Apple will terminate Epic’s inclusion in the Apple Developer Program, a membership that’s necessary to distribute apps on iOS devices or use Apple developer tools, if the company does not “cure your breaches” to the agreement within two weeks, according to a letter from Apple that was shared by Epic. Epic won’t be able to notarize Mac apps either, a process that could make installing Epic’s software more difficult or block it altogether. Apple requires that all apps are notarized before they can be run on newer versions of macOS, even if they’re distributed outside the App Store.
Epic has filed for a preliminary injunction against Apple, asking the court to stop the company from cutting it off. Epic says it will be “irreparably harmed long before final judgment comes” if it does not obtain the injunction. “Apple’s actions will irreparably damage Epic’s reputation among Fortnite users and be catastrophic for the future of the separate Unreal Engine business,” Epic writes. Epic also asks for Fortnite — with its lowered prices and alternate payment option — to be returned to the App Store.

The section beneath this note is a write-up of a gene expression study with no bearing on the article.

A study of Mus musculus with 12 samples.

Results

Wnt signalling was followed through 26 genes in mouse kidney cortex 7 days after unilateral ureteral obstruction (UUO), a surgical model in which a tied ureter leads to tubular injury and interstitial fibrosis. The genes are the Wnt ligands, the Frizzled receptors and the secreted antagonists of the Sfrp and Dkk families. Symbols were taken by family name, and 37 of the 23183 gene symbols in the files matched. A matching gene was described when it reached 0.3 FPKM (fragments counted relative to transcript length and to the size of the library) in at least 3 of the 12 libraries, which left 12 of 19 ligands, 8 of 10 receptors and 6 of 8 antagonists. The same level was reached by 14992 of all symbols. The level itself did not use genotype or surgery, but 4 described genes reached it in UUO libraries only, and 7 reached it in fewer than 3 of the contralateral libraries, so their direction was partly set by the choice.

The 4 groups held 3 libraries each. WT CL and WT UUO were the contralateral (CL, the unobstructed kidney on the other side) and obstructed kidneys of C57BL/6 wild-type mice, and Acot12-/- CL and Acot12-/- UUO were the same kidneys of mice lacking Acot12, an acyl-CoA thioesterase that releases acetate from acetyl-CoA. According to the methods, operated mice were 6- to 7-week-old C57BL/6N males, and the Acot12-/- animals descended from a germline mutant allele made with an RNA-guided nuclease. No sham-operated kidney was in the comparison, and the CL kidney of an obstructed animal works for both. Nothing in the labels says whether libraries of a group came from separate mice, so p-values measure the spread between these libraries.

A bully is bad. A self-righteous bully surrounded by an internal and external army of yes-men is a million times worse. I sadly don’t expect much from the United States Congress, but I hope the European Commission is keeping very close tabs on Apple’s abusive anti-consumer behaviour here.
And the general reminder: you might’ve paid a grand for your iPhone, but it really isn’t your iPhone. It’s Apple’s, and they, and only they, get to decide how you use it.
Serves them (iOS users) right. I specifically avoided iOS because of its nonsensical restrictions: lack of sideloading, lack of MicroSD support, and the requirement to use a non-standard tool (iTunes) to transfer files. Sure, I had to tolerate Android 2.x, but the benefit of avoiding iOS was worth it in my opinion. All iOS users could have done what I did since these restrictions were present since day 1. And it’s not the first time iOS users can’t get to an application because Apple doesn’t want it in their app store (Kodi comes to mind), so nothing new here. Apart from the fact this time it’s an app that appeals to the average Apple user a bit more.
What is infuriating is that MacOS, an operating system once marketed as a Unix workstation operating system, is getting its sideloading options restricted. I mean, look at what you have to do in order to run an unsigned application:
Is all that necessary? Something like the SmartScreen popup as found in Windows would have been more than enough.